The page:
With Canadian Thanksgiving just around the corner, we thought we’d highlight one of their great contributions to the Commonwealth war effort. The Kangaroo APC allowed the infantry to keep pace with their tanks and afforded excellent protection from incoming fire.
In July 1944, the Commonwealth forces in Normandy found themselves confronted with spiralling casualty rates as bloody fighting across Bocage country took its toll. While some British and Canadian units had access to the American-made M3 Halftracks, these were in short supply, and the Universal Carrier’s low transport capacity made it unsuitable despite the huge numbers available.
What the Commonwealth did have in abundance were Sherman tanks and M7 Priest self-propelled guns. As these were sitting idle, Lieutenant-General Guy Simonds devised the Kangaroo as a makeshift alternative to purpose-built APCs.Later on, as the Priests were returned to the Americans, Kangaroos were converted out of Canadian-built Ram tanks, British Churchills and American Shermans.
The modifications were essentially the same, whichever chassis was used. The main armament, turret and ammunition stowage was stripped out. Bench seats were fitted around the turret ring and the driver’s compartment was sectioned off. Hull machine guns were kept, and jury-rigged pintle mounts were often fitted to provide additional firepower. Climbing runs were added to the exterior hull to make embarking and disembarking easier.
Officially, a Kangaroo was supposed to carry 8-12 soldiers, but it was more common to cram in as many troops as could fit without any falling off.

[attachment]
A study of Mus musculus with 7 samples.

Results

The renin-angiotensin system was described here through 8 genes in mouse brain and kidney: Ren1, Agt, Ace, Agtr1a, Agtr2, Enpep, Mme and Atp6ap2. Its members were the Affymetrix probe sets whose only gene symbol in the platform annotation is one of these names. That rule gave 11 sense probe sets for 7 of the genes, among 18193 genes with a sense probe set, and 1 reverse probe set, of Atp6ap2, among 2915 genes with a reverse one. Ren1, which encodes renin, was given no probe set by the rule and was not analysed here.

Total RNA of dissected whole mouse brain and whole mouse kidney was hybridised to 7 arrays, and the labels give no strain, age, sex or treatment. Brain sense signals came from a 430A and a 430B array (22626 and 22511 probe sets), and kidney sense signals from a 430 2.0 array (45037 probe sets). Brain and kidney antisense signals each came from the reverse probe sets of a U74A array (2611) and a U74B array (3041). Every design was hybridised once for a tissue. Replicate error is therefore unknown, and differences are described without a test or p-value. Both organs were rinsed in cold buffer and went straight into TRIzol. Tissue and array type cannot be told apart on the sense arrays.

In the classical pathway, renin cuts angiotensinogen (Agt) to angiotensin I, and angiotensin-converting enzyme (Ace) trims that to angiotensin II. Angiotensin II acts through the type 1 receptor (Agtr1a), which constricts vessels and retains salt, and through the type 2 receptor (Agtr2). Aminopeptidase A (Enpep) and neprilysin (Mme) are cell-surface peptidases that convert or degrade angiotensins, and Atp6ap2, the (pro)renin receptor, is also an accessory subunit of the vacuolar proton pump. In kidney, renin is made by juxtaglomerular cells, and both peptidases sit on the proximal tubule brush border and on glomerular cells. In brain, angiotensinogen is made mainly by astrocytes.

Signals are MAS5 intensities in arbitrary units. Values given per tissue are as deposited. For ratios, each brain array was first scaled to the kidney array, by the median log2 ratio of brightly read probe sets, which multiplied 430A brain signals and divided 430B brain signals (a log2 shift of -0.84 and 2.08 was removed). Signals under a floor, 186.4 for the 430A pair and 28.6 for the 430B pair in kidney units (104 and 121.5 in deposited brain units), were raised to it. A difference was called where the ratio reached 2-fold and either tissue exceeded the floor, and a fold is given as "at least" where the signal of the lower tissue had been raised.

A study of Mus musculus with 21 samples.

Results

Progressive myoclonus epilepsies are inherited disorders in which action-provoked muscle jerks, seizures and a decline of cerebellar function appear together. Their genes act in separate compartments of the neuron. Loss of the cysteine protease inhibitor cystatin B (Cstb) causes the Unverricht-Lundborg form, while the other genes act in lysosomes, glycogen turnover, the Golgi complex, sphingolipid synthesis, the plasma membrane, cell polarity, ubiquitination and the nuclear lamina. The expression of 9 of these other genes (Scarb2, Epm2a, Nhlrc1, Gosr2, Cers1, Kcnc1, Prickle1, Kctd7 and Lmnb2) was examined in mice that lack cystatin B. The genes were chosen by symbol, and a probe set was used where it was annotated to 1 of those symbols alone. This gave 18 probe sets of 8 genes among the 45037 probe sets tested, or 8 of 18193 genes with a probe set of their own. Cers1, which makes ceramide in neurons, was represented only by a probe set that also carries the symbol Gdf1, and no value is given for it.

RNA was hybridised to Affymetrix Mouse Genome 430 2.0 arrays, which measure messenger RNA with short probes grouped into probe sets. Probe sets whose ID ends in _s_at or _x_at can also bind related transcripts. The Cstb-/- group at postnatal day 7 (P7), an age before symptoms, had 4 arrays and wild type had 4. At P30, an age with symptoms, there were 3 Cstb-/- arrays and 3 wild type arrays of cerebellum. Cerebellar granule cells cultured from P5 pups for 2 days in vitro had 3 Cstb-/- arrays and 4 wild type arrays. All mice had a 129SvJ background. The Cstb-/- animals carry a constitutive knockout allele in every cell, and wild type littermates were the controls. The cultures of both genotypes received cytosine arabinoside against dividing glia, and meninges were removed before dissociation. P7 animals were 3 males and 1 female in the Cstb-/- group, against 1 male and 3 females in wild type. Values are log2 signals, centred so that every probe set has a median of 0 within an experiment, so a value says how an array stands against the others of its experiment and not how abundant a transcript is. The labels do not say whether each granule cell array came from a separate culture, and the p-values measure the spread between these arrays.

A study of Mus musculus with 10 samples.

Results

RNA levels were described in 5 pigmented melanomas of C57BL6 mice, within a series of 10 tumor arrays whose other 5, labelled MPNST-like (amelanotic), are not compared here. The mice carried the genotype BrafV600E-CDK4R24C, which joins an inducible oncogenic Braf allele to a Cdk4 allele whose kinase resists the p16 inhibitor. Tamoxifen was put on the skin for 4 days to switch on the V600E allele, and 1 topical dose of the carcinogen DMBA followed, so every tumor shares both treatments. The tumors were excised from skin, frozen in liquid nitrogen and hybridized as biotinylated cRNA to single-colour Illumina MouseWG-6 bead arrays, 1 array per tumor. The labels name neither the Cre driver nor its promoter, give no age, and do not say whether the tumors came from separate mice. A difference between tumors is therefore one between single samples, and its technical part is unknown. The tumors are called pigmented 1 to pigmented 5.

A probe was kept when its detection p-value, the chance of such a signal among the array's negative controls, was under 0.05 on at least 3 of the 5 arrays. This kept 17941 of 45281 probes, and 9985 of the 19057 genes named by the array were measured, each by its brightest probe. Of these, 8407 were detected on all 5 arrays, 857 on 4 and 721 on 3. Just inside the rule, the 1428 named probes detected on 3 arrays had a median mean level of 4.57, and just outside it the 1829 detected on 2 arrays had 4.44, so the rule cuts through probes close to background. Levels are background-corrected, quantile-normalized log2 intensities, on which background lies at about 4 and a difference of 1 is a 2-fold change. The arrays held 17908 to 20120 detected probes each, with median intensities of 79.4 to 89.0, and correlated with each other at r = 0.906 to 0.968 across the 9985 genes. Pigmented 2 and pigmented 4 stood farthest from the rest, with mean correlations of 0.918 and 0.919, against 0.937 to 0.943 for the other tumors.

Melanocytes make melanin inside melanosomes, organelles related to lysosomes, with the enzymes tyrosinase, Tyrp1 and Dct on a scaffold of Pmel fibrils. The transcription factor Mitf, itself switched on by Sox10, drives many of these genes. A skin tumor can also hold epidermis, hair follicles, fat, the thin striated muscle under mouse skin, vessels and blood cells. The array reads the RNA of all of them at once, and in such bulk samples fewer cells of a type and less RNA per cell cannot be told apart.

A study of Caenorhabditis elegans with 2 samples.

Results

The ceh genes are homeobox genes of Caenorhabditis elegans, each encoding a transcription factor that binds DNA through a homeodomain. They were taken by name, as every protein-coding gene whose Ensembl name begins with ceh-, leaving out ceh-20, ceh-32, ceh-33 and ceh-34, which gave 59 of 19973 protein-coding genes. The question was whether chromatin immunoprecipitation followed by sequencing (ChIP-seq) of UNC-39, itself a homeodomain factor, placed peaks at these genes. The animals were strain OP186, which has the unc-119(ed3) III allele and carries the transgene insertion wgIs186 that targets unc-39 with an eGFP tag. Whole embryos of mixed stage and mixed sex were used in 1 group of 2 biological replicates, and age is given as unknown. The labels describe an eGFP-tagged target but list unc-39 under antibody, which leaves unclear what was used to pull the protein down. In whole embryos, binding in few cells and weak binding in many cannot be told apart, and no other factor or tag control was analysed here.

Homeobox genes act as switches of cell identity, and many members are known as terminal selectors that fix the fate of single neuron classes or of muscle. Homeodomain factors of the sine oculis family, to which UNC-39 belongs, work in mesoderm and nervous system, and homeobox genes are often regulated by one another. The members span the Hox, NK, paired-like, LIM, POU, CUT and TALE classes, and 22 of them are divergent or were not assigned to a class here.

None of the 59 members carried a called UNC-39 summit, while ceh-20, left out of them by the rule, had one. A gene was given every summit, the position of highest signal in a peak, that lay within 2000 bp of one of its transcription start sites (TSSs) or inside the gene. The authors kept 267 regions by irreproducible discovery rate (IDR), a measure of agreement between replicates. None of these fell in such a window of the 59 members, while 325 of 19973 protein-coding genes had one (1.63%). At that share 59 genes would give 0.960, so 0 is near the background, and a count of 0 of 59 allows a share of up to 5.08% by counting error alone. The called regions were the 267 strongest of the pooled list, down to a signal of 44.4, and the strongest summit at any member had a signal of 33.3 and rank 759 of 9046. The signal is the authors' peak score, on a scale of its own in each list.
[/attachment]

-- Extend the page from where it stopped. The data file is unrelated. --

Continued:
Priest Kangaroos were first used south of Caen on 8th August 1944, to supplement the M3 Halftracks already in service. The Ram Kangaroo would enter service a month later in September. By December, all these units had been combined into the 1st Canadian Armoured Carrier Regiment. They would see service up until the end of the war in 1945.
The Kangaroo in Bolt Action
Late-war Commonwealth players looking for a way to improve the survivability of their infantry units should consider investing in some of these fantastic units. Both Priest and Ram versions are remarkably tough and have a large carrying capacity, allowing you to ferry troops straight into action.
The optional medium machine gun provides decent fire support, but be wary as the open-topped special rule makes the Kangaroo particularly vulnerable to infantry assault and artillery fire.
We’ve produced a couple of handy quick-reference cards for use during your games of Bolt Action.
We’ve found this excellent guide on converting our M7 Priest kit into a Priest Kangaroo from last year, so we’d encourage you to grab a Priest from the webstore and get stuck in!
The Ram Kangaroo is available in our webstore.